Knitting smiles for sick kids, one finger puppet at a time

In the last year, Sheila Pineau has knit close to 6,000 pint-sized puppets to bring some happiness to children at the IWK Health Centre in Halifax.

'Sometimes a finger puppet will put a nice smile on their face and they forget all about their problems'

77-year-old Sheila Pineau of Charlottetown sits beside her growing pile of pocket puppets for kids at the IWK Health Centre in Halifax. (Pat Martel/CBC)

If Sheila Pineau is not knitting, she's probably sleeping — until she wakes up for another 5.a.m. start. 

"Give me a cup of coffee and I can sit here the whole day and just do nothing but knit," Pineau said.

The 77-year-old Charlottetown woman has spent much of the last year on her couch surrounded by dozens of freshly-knit finger puppets.

Pineau has knit close to 6,000 finger puppets in the last year. (Pat Martel/CBC)

Pineau has been knitting most of her life — creating sweaters for her children, and mittens and socks.

She'd taken a break from the pastime when last year someone asked her if she wanted to make finger puppets for the IWK Health Centre in Halifax, the region's children's hospital.

'Forget all about their problems'

Pineau has been knitting for the kids at the hospital ever since, racking up the impressive number of 6,000 the pint-sized puppets.

Pineau displays a few of the thousands of pocket puppets that are destined for kids at the IWK in Halifax. (Pat Martel/CBC)

"Sometimes a finger puppet will put a nice smile on their face and they forget all about their problems," she said.

The puppets seem to help the parents too, she said.

"One of them would have to be with the child to get a needle," said Pineau. "They're smiling too, knowing their child is happy."

"I just know every time I make one, I make a child smile or a child happy, and that's all I'm interested in, to put a smile on a child's face."


The donations are much appreciated by the IWK — Pineau is one of the biggest donors to the hospital's finger puppet program.

Pineau's finger puppets are much appreciated at the IWK Health Centre in Halifax, says Kylene Mellor, manager of Volunteer Resources. (Submitted by Kylene Mellor, IWK)

"She could be doing anything during that time and the fact she thinks of us as her area of generosity and time is really beyond measure," said Kylene Mellor, who manages the hospital's many volunteers. 

For some children, it's just something to hold on to — whether they're nervous or scared, Mellor said.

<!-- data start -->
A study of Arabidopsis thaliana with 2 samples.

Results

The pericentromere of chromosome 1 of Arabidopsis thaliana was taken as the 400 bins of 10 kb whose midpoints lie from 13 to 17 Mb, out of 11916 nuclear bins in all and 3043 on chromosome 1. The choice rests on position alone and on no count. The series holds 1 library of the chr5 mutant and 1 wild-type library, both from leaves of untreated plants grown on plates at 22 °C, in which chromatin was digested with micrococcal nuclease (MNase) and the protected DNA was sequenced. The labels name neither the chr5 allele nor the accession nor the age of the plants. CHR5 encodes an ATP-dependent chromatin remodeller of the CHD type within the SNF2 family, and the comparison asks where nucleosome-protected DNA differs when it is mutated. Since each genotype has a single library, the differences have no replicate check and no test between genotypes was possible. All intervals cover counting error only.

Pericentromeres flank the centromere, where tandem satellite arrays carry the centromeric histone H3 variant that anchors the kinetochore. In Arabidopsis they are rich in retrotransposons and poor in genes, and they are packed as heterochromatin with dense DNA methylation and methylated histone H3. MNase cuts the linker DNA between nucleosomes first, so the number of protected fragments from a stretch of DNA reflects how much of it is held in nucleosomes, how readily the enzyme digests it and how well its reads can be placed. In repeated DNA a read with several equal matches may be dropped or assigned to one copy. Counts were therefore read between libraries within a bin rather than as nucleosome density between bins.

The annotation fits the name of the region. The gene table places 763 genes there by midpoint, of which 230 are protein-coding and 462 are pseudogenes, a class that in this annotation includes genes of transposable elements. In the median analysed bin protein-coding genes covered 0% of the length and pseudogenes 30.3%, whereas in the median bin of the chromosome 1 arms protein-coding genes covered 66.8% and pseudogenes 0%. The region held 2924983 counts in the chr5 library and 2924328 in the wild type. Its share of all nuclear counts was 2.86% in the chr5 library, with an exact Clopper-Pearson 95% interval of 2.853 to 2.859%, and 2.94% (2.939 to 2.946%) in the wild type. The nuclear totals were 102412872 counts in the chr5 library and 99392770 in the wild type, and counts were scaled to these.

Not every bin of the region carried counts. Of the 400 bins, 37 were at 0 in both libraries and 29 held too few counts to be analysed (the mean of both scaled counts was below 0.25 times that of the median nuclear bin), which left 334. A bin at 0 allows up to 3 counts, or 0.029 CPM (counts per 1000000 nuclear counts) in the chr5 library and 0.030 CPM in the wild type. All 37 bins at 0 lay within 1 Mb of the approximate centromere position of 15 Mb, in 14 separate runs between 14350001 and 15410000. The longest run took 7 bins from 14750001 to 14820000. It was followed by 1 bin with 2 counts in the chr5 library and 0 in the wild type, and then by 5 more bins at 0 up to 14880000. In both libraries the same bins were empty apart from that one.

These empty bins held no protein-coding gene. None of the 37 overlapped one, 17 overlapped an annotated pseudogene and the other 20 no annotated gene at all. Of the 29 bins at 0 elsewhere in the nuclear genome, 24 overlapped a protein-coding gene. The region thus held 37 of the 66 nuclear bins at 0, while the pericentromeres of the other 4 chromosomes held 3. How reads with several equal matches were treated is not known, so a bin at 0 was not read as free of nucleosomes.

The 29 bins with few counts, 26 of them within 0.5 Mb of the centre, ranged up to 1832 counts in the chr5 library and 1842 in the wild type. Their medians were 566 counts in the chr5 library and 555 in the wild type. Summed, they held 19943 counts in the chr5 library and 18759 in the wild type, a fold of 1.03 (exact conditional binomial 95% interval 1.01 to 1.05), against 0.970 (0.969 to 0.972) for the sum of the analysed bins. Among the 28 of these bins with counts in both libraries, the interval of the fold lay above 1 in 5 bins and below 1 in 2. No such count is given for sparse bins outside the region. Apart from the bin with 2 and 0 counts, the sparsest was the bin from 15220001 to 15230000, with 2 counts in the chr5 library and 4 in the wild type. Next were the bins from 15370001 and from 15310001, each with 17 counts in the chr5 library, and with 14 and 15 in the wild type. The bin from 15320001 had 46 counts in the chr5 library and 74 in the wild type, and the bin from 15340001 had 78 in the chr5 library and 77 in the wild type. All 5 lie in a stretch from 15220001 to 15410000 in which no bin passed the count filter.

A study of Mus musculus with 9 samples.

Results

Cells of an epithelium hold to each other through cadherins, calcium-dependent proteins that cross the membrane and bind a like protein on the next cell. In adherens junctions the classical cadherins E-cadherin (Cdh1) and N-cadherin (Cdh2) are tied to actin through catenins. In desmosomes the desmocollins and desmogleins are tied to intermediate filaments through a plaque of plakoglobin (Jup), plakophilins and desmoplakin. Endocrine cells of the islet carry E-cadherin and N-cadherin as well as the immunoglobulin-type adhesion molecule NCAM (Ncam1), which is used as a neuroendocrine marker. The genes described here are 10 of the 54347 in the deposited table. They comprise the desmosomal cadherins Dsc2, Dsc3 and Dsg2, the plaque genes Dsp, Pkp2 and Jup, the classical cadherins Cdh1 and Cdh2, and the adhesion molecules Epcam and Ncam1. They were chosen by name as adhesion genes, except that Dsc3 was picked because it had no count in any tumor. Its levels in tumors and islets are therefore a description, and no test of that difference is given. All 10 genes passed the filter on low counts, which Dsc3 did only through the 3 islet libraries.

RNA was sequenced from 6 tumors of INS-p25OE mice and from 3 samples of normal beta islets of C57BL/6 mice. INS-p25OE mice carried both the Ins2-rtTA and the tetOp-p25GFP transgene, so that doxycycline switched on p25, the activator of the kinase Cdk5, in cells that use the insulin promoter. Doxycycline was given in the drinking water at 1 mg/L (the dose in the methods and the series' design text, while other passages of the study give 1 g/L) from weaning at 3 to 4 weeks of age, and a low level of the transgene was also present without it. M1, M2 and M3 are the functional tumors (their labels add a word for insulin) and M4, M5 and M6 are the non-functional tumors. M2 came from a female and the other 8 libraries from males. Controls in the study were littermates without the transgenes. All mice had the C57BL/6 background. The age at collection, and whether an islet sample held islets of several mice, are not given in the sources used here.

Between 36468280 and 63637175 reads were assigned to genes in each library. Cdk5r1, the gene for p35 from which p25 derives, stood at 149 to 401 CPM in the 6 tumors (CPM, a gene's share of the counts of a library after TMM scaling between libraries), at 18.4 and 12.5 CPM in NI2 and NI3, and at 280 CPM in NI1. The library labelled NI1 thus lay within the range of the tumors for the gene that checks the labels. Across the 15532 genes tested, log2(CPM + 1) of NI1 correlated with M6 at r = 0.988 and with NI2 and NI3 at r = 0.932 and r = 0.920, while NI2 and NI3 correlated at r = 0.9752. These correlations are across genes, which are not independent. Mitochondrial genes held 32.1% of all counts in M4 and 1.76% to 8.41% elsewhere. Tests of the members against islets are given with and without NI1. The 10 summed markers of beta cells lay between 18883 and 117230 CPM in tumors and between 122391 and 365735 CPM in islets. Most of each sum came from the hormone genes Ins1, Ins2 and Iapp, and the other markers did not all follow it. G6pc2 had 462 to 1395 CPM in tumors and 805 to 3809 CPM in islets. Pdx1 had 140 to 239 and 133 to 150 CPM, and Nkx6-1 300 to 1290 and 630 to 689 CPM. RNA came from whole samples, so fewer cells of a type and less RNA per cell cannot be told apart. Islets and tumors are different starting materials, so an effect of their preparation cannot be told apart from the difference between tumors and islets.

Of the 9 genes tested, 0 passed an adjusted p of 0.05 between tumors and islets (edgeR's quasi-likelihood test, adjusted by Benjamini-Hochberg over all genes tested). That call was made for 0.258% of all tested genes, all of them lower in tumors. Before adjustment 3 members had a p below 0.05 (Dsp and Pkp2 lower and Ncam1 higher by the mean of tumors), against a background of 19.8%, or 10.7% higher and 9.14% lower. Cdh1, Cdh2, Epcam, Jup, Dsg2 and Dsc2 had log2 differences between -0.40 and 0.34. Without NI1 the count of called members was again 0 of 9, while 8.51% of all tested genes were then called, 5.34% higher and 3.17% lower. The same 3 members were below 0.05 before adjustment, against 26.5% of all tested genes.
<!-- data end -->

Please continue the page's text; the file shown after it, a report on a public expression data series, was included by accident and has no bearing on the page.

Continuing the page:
Pineau gets her yarn from friends who want to support her efforts. Recently, a friend returned from a visit to Ontario with a big bag of donations from fellow knitters that thrilled Pineau — but she's still on the hunt for more.

"I know people do have leftover yarns stuck somewheres," she said.

'Tears come to my eyes'

You might think Pineau's hands might be getting sore after all this handiwork — not so, she said. 

Pineau has just about filled her second box of her finger puppets that will eventually be sent to kids at the IWK in Halifax. (Pat Martel/CBC)

"It exercises my hand and I have never had any problems with my hands," she said.  

Pineau has also dropped off some of her finger friends at a local daycare, which she said created quite a stir. 

"They had their hands right in the box and they didn't know which one to pick," said Pineau.

One little girl moved her to tears with her comment.

"'My sister gets one of them every time she goes to that hospital,'" she told Pineau.

Knitting can be good therapy. Pineau is waiting to have skin cancer removed "and it keeps my mind off it," she said. 

Pineau is now hoping to find someone who will transport the two boxes of her pocket puppets to Halifax.

Pineau throws another handful of knitted finger puppets into the box destined for kids at the IWK. (Pat Martel/CBC)

About the Author

Pat Martel

Pat Martel has worked with CBC P.E.I. for three decades, mostly with Island Morning — from a writer-broadcaster to a producer. This year, Pat joined the web team with an eye to create great video. Pat also runs an adult coed soccer league in Stratford. He always welcomes great story ideas that are visually appealing.